SCOTUS' Partisan Gerrymander Decision Will Impact North Carolina
The United States Supreme Court will decide if states may draw voting districts to gain a partisan advantage.
The ruling is not expected until next year but will greatly impact North Carolina's voting districts, which are among the most severely gerrymandered in the country.
The Supreme Court agreed to hear a redistricting challenge from Wisconsin, but the arguments in that case are very similar to ones from a challenge against voter districts in North Carolina. Already, federal courts have determined that Republican North Carolina lawmakers drew voting districts that are racially gerrymandered, which the Supreme Court has ruled unconstitutional. However, the highest court has never ruled against gerrymandering districts purely for partisan gain.
The Wisconsin case might serve as a landmark decision if the court rules against partisan districting. Democrats hope a favorable decision will help them cut into GOP electoral majorities. Election law experts say the case is the best chance yet for the high court to put limits on what lawmakers may do to gain a partisan advantage in creating political district maps, according to the Associated Press.
In North Carolina, the League of Women Voters has challenged five U.S. Congressional districts in the state as unconstitutional partisan gerrymanders.
The trial to hear the North Carolina challenge was set to begin June 26, however that case was continued today after the Supreme Court said it would hear the Wisconsin case, according to Dustin Chicurel-Bayard, communications director for the Southern Coalition for Social Justice.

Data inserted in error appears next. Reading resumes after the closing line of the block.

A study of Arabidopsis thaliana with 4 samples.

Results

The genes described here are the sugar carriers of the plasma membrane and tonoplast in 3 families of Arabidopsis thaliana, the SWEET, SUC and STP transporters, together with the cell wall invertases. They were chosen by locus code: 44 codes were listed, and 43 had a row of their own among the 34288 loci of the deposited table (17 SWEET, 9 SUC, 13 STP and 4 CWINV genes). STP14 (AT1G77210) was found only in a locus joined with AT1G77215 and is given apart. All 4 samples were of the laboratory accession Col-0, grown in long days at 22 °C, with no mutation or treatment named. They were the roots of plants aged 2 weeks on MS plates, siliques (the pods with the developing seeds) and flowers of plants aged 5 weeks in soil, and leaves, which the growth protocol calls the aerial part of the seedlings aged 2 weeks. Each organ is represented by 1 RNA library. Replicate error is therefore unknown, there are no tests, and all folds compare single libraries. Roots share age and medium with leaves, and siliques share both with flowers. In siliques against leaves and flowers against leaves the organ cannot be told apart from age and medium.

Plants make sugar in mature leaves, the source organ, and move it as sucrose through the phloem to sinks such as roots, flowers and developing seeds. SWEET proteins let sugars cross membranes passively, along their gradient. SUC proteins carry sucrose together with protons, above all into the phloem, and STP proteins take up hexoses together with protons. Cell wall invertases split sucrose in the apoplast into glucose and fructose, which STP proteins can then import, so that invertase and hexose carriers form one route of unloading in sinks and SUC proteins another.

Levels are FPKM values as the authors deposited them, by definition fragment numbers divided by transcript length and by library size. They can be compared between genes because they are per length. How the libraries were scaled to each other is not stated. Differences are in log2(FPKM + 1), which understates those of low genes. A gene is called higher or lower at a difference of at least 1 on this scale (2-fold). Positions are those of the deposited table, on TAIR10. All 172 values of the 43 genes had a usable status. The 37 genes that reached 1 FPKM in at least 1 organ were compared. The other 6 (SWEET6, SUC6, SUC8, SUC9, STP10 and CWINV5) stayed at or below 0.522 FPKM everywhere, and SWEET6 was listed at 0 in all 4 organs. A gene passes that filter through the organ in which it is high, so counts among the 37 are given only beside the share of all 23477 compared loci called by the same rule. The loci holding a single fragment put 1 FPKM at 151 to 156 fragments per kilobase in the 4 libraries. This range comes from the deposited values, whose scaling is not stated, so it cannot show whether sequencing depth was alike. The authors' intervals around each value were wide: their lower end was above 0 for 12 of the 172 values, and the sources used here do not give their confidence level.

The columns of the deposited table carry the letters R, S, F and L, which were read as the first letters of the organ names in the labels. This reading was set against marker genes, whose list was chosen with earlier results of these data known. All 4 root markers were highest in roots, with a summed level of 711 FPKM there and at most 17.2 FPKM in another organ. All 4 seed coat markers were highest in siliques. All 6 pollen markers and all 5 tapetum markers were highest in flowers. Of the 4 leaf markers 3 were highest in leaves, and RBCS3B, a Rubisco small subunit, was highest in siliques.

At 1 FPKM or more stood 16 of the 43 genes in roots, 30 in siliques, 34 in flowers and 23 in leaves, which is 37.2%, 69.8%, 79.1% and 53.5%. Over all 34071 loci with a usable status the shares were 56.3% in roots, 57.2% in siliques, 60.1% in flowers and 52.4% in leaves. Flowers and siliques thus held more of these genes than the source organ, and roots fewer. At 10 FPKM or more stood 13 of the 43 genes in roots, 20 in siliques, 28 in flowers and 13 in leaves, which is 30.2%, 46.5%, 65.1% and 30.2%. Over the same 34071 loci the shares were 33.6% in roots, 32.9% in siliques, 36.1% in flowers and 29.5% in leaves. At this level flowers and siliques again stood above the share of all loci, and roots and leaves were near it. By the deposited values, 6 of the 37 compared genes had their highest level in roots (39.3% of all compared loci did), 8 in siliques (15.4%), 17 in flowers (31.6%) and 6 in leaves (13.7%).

Gerrymandered districts in North Carolina have tilted the scales in favor of Republicans since 2010. In the 2016 election, Republicans won 10 of 13 seats in the U.S. House of Representatives while receiving just 304,000 more total combined votes in the 13 House races. Said another way, Republicans control 77 percent of the seats, despite winning just 53 percent of the vote. They achieved this by packing likely Democratic voters into three districts, while spreading likely Republican voters across 10 districts.
In the three districts won by Democrats, the average margin of victory was nearly 136,000 votes. In the 10 districts won by Republicans the average margin of victory was 71,000.
As debate surrounding gerrymandered districts has stayed on the front pages, Republican legislators have fired back, saying that Democrats did their fair share of gerrymandering during the decades in which they controlled the General Assembly.
Senate Majority Leader Harry Brown even pointed to the district of Gov. Roy Cooper – then Senator Cooper – which jutted away from Nash County into parts of Halifax, Edgecombe, and Wilson counties. While Republicans are right to criticize Democrats for their practices of gerrymandering, the current maps are arguably more egregious.
From 1984 through 2010, no party controlled more than eight Congressional seats, and from 1996 through 2010 no party controlled more than seven seats except for the Congress elected in 2008 – the same year Barack Obama won his first term.
Yet, since 2010, North Carolina's Congressional representation has sharply diverted and broken from historical trends.